Kax Kax started this thread
 
19 posts, read 127,691 times

Here is some additional info: relocating to No. Virginia from NJ in 8 to 10 months. My husband will be telecommuting for now (lucky him!) and travelling frequently out of Dulles. We have three children ages 9, 7, and 5 and can spend between $700-$800 on our home. We looked in Little Rocky Run this weekend and like the newer homes, but were wondering what it is like living in a huge planned community (great for kids???, annoying??? alot of transients???, etc. and also about the schools specifically in that area. It seems to us like you get a lot more house for your money in Clifton, Chantilly, Ashburn than the Vienna area. But what are the trade offs? We are not at all familiar with No. Virginia and would appreicate any help we can get! Thanks!!!
 
2,482 posts, read 8,050,287 times
Kax Kax started this thread
 
19 posts, read 127,691 times
 
Location: TX
3,029 posts, read 10,667,716 times

If working in DC then look as close as you can get.
If working out of Dullas then Ashburn would be very nice.
 
19 posts, read 66,737 times
 
19,183 posts, read 28,393,045 times
Originally Posted by Kax View Post
It seems to us like you get a lot more house for your money in Clifton, Chantilly, Ashburn than the Vienna area.
In Vienna and vicinity, you are paying for being close to Tysons and for being able to get into the big city via Metro comparitively quickly and easily. Such commodities are not available in western Fairfax and eastern Loudon counties, so the same money goes instead into more house. If life is or will be centered in and around the Dulles Corridor, that's the area to focus on.
 
Location: Northwestern VA
982 posts, read 3,108,945 times

In general, the entire Northern VA area is transient...there is a high military population in this area. Some of the larger companies have offices out here and move employees around a lot also.

As usual, Saganista gave an awesome explanation of the differences in the areas.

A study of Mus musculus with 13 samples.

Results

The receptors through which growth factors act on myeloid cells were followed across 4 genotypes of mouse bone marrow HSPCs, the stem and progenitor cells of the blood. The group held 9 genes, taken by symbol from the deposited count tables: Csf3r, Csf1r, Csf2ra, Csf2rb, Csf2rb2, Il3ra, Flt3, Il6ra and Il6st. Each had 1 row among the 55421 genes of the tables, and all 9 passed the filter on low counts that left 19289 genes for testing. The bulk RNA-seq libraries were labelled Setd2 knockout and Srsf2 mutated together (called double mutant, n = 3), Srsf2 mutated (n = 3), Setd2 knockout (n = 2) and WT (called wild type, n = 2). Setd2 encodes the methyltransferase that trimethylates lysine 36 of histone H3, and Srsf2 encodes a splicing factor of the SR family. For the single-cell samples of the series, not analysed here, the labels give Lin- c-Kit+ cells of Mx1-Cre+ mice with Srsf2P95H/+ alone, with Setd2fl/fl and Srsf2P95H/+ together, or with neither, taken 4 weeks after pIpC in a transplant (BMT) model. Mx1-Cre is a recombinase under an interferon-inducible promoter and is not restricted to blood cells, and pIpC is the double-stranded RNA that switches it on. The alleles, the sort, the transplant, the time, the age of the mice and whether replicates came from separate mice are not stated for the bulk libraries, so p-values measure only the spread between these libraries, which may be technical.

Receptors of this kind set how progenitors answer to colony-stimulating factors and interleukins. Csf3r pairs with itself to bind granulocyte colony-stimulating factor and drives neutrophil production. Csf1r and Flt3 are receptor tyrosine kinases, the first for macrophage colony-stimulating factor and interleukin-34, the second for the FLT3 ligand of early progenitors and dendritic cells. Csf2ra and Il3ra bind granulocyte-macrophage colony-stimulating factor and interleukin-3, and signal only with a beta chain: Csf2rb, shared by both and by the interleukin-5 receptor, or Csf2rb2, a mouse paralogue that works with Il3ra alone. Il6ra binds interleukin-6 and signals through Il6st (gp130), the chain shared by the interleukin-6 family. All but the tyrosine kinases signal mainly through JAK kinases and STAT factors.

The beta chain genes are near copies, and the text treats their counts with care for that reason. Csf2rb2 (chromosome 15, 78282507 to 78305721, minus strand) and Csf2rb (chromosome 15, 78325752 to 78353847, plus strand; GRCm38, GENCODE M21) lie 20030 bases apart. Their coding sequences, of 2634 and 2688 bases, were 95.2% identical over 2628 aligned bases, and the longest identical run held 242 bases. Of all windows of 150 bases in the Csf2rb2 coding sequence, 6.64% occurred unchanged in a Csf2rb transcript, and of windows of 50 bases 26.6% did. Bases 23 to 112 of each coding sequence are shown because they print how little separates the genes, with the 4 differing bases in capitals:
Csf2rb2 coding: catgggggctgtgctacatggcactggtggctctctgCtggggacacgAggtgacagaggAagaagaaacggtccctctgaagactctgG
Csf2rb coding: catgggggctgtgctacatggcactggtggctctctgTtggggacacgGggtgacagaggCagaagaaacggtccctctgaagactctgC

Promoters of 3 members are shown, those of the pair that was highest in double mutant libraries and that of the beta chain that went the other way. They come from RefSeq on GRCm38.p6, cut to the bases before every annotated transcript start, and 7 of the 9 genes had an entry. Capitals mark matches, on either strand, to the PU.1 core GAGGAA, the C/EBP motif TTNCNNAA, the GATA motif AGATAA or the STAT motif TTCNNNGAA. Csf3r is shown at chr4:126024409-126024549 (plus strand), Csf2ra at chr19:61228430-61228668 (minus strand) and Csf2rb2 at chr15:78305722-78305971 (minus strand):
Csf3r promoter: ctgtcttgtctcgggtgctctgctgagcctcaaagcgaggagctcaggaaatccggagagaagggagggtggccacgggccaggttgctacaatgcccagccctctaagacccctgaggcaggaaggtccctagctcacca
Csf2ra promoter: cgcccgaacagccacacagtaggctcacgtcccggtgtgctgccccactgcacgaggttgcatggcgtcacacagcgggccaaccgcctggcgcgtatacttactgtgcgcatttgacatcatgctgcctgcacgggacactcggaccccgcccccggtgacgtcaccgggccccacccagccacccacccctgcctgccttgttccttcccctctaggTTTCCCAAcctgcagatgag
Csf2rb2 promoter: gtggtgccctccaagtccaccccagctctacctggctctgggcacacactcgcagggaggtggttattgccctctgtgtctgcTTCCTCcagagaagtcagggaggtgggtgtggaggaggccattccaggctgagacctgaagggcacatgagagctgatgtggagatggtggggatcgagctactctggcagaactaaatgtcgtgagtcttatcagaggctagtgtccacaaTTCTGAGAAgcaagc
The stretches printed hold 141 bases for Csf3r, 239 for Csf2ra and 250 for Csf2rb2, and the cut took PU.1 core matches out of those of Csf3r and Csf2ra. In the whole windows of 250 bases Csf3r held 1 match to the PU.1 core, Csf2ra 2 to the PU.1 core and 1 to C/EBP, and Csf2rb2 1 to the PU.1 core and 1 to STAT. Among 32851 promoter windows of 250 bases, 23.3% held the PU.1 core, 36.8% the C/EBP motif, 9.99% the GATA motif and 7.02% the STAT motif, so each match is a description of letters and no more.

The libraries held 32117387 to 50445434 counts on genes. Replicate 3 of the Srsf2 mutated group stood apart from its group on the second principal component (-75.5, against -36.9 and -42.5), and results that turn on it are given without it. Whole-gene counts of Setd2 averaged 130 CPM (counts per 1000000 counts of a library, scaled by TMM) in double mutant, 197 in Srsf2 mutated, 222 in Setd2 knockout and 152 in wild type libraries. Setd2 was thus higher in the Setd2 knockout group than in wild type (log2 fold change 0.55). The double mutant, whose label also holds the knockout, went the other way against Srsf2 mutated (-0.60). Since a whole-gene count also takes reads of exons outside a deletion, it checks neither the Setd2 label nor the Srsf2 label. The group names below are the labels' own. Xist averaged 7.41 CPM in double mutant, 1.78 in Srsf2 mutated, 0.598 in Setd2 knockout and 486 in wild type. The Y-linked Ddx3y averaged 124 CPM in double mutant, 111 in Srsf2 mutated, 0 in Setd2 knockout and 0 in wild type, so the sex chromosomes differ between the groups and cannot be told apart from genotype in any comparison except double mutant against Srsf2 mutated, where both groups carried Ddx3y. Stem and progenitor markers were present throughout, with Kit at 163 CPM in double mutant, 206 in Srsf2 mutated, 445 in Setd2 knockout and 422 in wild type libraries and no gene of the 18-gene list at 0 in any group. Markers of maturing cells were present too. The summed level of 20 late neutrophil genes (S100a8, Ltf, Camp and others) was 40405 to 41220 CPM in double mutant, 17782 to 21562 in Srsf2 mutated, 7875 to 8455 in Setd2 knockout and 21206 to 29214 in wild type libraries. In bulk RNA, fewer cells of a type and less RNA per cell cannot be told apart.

Location: Ashburn, VA
71 posts, read 292,219 times
 
19,183 posts, read 28,393,045 times
 
Location: Maine
2,018 posts, read 2,712,973 times
Originally Posted by saganista View Post
A local realtor will be a complete stranger. He or she, if competent, will have specialized and localized expertise that may (and usually will) at some point become useful to a buyer. Realtors are not fairy godmothers with magical powers and abilities to guide people toward the making of wise and proper yet highly personal decisions that will cause them to live happily ever after. As a buyer, it is important to do the up-front research that will put you onto a level playing field with a potential realtor, if only to bring you to the point of being able to tell whether such potential realtor as much as understands, much less considers and actually seeks to address your wants, needs, and concerns. There is some sense to the notion that realtors are a lot like singers in a karaoke bar. Some may look good, some may have cool costumes, but not all of them can sing. Get yourself first to the point where you can go out and find yourself a singer. No one has ever regretted doing so...
That's the best analysis for a home-buying strategy I've come across--particularly for the DC region. Thank you for posting it!